How Does Insulation Work?
February 25, 2021
To understand how insulation works, you’ll first need to understand the three basic principles of heat flow: conduction, convection, and radiation.
- Conduction is when heat travels through material. An example is when a spoon is placed in a hot cup of water. The spoon conducts heat through its handle to warm your fingers.
- Convection is when heat circulates through liquids and gases. It causes warm air to rise and cool air to sink.
- Radiation occurs when heat moves in a straight line to heat solid objects around it. The objects absorb the heat energy.
What is Insulation?
Homeowners use thermal insulation to block heat flow. But how does insulation work? Essentially, it creates a barrier between warm and cool temperatures by either reflecting thermal radiation or decreasing thermal conduction and convection from one object to the other. Spray foam is a popular type of insulation because it is uniquely-equipped to block heat transfer.
Insulation Regulates Heat Flow
Heat typically moves from a warmer place to a cooler place until it reaches a point where no temperature difference can be detected. From a homeowner’s viewpoint, heat travels directly from every warm living space to surrounding areas with no heat, such as attics, basements, garages, and outdoors. Heat can also flow indirectly through walls, ceilings, and floors where there’s a difference in temperature. During the hot summer months, heat flows from outside to inside the home. Spray foam insulation is a popular choice because it is great at regulating heat flow.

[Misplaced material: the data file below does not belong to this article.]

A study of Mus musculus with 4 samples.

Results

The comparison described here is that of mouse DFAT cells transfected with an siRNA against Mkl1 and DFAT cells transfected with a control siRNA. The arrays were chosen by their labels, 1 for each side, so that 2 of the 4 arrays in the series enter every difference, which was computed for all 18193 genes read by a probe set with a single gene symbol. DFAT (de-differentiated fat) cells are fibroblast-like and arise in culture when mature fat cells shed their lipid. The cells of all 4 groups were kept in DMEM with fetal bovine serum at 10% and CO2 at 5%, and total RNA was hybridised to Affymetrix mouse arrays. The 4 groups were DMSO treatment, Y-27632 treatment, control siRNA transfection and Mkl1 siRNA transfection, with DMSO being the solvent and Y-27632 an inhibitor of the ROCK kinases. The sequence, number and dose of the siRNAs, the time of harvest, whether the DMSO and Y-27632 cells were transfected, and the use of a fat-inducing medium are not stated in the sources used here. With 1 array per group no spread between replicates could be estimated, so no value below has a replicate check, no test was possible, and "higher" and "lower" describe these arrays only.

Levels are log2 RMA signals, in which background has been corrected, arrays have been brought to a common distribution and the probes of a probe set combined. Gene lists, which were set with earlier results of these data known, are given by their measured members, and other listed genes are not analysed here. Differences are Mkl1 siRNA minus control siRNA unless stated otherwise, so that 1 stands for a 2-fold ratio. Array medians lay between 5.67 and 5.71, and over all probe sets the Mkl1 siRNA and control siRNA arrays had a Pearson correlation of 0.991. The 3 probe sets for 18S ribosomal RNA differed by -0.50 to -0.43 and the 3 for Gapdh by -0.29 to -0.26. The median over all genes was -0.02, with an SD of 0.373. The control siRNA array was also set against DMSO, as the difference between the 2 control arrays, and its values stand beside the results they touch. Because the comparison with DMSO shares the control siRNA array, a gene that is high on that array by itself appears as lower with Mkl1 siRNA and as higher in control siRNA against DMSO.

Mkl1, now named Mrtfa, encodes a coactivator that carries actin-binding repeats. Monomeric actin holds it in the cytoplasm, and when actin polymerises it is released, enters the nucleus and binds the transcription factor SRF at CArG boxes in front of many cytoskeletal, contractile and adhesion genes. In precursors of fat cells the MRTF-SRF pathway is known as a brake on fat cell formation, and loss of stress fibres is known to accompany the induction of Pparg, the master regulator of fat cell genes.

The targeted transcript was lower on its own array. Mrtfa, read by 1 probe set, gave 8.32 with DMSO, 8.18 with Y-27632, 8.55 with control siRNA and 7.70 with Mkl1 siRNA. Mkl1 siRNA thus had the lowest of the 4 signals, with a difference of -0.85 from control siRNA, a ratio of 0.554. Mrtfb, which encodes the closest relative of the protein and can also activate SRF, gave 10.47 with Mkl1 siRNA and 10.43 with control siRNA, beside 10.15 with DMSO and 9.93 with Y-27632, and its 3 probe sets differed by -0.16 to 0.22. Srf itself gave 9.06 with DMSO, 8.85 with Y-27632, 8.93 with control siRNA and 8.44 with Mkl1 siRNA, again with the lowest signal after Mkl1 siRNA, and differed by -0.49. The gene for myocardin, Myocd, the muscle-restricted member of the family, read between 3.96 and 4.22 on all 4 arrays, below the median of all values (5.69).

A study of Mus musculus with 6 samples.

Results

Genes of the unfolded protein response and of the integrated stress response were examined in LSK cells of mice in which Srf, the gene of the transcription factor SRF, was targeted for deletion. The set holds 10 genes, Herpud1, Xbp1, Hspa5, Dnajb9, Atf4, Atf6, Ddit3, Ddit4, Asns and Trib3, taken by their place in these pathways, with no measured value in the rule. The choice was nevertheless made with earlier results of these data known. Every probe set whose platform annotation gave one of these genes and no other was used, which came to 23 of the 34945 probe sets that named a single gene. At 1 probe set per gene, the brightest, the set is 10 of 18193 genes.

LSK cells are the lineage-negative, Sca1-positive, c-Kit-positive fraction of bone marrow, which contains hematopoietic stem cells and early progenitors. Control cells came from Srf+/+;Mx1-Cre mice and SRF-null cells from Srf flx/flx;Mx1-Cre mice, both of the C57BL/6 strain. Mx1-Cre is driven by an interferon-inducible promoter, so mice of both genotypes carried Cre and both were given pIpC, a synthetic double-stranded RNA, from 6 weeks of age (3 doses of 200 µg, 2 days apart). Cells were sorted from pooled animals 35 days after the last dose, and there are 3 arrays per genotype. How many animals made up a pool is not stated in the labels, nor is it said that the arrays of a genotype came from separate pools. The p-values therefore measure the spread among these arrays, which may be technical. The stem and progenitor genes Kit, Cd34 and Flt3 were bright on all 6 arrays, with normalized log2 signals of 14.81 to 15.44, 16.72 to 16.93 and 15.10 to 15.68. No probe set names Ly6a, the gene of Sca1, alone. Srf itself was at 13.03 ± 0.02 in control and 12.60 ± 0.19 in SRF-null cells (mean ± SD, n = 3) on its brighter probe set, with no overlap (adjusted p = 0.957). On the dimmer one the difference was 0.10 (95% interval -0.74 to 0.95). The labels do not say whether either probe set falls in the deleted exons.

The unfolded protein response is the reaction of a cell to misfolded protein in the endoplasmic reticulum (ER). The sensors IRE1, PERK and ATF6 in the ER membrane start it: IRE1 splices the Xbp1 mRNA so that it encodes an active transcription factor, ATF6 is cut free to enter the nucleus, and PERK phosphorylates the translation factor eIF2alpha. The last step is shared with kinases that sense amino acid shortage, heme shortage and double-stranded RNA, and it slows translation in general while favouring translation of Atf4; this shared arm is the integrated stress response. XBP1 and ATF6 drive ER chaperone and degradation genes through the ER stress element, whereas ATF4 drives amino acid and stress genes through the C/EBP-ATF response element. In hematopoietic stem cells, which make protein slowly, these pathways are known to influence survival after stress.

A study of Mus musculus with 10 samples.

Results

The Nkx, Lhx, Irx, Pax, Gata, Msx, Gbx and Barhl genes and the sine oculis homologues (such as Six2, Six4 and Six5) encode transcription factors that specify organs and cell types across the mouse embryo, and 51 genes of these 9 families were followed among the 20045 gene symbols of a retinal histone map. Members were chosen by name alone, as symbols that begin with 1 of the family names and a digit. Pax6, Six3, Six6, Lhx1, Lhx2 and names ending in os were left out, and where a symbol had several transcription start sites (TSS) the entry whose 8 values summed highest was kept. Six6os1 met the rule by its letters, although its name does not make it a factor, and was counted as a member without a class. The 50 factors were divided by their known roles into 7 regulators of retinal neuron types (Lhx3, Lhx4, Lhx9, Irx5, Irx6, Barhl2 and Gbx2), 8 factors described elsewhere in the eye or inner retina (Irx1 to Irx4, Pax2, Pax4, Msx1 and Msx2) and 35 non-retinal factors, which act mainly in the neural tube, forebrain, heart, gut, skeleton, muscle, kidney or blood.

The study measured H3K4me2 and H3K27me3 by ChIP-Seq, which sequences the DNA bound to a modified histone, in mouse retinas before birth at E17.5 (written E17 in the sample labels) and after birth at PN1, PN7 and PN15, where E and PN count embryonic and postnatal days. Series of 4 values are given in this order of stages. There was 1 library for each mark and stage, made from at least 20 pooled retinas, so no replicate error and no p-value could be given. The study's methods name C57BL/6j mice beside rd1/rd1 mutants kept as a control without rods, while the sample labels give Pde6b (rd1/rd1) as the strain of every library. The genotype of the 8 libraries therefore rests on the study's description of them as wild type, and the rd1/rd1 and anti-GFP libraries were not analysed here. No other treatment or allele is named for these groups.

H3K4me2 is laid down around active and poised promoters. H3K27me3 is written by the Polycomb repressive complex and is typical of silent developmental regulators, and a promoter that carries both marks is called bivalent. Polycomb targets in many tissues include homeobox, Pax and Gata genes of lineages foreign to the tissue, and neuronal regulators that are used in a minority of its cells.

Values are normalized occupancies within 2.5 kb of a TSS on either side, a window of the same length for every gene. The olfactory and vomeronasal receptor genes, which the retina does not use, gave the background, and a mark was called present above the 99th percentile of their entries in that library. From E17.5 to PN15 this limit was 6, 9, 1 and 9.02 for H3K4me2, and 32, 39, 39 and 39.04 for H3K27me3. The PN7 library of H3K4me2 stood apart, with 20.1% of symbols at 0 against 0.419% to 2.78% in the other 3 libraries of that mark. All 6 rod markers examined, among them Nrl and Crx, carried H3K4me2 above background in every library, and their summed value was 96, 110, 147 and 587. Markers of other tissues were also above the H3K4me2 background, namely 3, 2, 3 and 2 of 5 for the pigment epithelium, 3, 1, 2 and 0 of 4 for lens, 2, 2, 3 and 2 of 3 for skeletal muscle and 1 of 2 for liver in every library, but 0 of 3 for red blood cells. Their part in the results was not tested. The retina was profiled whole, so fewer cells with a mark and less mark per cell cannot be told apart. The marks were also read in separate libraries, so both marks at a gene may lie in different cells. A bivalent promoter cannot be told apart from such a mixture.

Insulation is Designed to Maintain Comfort
To ensure your family’s comfort during the winter, your heating system must replace any amount of heat that escapes from within your home. Inversely, heat that enters your home during the summer needs to be eliminated by a cooling system. Spray foam insulation helps keep conditions within the home comfortable and energy-efficient by reducing all methods of heat transfer from coming in and out of the home.
R-value measures how resistant insulation is to conductive heat. The R-value is dependent on the insulation’s thickness, as well as its density. For some insulation types, factors like temperature, moisture accumulation, and aging also play a part.
How to Increase R-Values
The more insulation you get, the higher your home’s R-value will be. Generally, thicker insulation will increase your R-value. But, but when the thickness of loose-fill insulation increases, its density may increase as a result of compression from the weight of the product itself. This process in turn makes the R-value of loose-fill insulation irrelevant to its thickness. Meanwhile, thick spray foam has an excellent R-value, which means it’s an ideal choice for insulating your property.
Learn More By Consulting an Expert
Talk with one of our experienced contractors to learn more about how insulation work, and how much insulation you will need for your project. Contact us today!